Book cover of The Ongoing MomentReading Geoff Dyer’s The Ongoing Moment feels a bit like having a conversation about classical American photography with a very articulate, intelligent and funny friend. It’s impossible to get a word in sideways, but why even try, for Dyer is well worth listening to.

Structured as a set of essays, the book doesn’t necessarily have a beginning or an end. Dyer suggests in the introduction that it is treated like a box of old photographs: While it’s entirely feasible to browse them in the (somewhat chronological) sequence they were put into the box, it might make just as much sense to make your way through the essays based on theme, genre, subject, photographer, or any other common denominator for a group of essays. That said, it’s a 250 page book without easy-to-click hyperlinks or even a table of contents, and it’s not always easy to identify where one essay stops and another begins. So one might as well follow the sequence Dyer has chosen.

In the essays, Dyer identifies a set of leitmotifs that appear repeatedly in photographs by famous, mostly American, photographers. Photos of blind people, photos featuring hands, hats or people wearing hats, people’s backs, fences, petrol stations, clouds, drive-in cinemas, roads, and so on and so forth. Each theme or leitmotif is illustrated by a number of pictures by (or “of” or “about”) different photographers. Dyer explains a bit (or, sometimes, quite a lot) about the photographer, his or her background, and why he (Dyer) believe that the recurring theme is worthy of particular attention.

Reading the book, I recognised many of the names, even if I don’t know a great deal about them. Stieglitz, Lewis Hine, Edward Weston, Paul Strand, Dorothea Lange, Walker Evans, W. Eugene Smith, Garry Vinogrand, William Eggleston, Robert Capa, Michael Ormerod and Philip-Lorca diCorcia, but there was an even larger number of names I had never even heard about. And even if nobody can expect 250 pages to cover every famous American photographer, it was notable that for instance Ansel Adams or Man Ray were absent.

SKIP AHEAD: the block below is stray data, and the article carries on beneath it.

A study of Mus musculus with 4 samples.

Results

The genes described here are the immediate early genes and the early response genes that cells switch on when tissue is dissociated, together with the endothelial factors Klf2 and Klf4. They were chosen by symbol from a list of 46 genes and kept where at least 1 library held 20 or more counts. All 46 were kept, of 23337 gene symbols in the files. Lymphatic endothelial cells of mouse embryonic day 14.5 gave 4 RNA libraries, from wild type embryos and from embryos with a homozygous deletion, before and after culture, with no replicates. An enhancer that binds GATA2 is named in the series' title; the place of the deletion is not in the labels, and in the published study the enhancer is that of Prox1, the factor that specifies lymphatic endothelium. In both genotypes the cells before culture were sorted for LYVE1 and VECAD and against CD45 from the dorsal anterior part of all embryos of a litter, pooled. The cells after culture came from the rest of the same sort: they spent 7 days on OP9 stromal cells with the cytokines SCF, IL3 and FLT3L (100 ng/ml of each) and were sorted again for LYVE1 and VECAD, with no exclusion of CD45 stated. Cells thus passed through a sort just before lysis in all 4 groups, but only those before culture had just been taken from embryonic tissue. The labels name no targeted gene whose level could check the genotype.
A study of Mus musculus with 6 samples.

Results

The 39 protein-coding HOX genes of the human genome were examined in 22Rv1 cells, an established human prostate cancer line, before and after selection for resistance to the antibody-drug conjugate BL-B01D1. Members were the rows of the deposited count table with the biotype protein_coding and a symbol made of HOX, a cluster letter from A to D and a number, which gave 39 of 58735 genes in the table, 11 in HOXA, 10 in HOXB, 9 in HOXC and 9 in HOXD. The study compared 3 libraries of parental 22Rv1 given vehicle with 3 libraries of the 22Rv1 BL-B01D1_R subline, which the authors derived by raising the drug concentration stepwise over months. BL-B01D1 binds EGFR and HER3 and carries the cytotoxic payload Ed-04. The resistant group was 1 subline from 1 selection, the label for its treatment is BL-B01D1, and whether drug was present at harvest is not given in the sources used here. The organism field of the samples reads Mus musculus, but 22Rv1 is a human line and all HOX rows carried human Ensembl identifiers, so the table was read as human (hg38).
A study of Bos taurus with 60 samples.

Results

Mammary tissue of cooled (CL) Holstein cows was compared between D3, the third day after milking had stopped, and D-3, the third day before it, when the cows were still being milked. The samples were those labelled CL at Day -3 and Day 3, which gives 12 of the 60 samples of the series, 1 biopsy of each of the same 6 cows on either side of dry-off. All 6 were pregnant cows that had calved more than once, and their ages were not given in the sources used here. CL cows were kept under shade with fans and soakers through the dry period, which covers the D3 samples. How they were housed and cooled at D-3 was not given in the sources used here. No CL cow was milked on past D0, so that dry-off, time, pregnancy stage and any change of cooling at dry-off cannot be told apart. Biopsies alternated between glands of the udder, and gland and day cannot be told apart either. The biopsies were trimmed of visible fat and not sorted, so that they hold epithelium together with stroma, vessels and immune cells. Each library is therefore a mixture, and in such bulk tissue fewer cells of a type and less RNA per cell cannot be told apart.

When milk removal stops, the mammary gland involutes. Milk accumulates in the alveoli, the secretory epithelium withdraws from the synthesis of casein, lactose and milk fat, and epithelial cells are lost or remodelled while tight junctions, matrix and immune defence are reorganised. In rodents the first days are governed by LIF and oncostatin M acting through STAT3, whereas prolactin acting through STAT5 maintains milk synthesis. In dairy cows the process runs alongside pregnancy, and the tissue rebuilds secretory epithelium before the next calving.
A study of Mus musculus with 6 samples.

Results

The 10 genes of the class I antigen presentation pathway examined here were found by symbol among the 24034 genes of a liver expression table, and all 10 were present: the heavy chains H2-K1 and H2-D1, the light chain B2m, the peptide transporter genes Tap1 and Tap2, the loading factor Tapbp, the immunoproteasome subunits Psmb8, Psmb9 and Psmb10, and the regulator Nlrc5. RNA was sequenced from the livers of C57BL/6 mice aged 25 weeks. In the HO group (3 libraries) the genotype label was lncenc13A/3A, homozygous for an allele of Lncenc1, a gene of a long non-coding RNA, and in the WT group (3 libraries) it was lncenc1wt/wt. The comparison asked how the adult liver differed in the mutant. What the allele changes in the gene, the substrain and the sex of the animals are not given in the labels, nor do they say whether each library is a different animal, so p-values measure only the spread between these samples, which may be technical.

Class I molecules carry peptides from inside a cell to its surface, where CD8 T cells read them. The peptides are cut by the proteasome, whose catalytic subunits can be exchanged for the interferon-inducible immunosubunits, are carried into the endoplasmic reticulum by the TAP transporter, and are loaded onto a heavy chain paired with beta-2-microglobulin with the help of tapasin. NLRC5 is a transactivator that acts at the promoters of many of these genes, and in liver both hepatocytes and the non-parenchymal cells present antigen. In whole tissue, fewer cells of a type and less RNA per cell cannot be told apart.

The paperback book is illustrated with just about okay-ish printed but small reproductions of black-and-white photographs on inexpensive paper. While the photos may be perfectly fine as reminders to an audience that know them and just need a reminder, the quality made it hard for me (as someone who has never seen most of them) to “read” the photographs. There is now a Kindle version of the book available, and the ability to zoom in on individual pictures might make that a better purchase.

As an introductory text, The Ongoing Moment taught me more about the few photographers I knew, introduced me to many interesting new ones, and made me hungry for more knowledge and a better understanding. However, I think it would have worked even better if I had been more familiar with many of the pictures described and compared. Then I could have better followed the analysis and enjoyed the “a-ha” moments when Dyer explained how a photo taken during the Depression was a clear inspiration to a different photographer 50 years later. Or when he enjoyed pointing out that a classical Dorothea Lange-esque picture of someone’s back (I didn’t know that was a “thing”) was actually photographed by someone else. Some parts went over my head, and a few of the jokes required more background knowledge than I was able to bring to the table.

The slightly critical views above shouldn’t detract from the fact that Dyer writes engagingly and with a great sense of humour.  With my appetite whetted, I will explore some of the titles mentioned in the bibliography and then – maybe in a few years’ time, when I have a broader foundation – I shall look forward to return and enjoy re-reading The Ongoing Moment.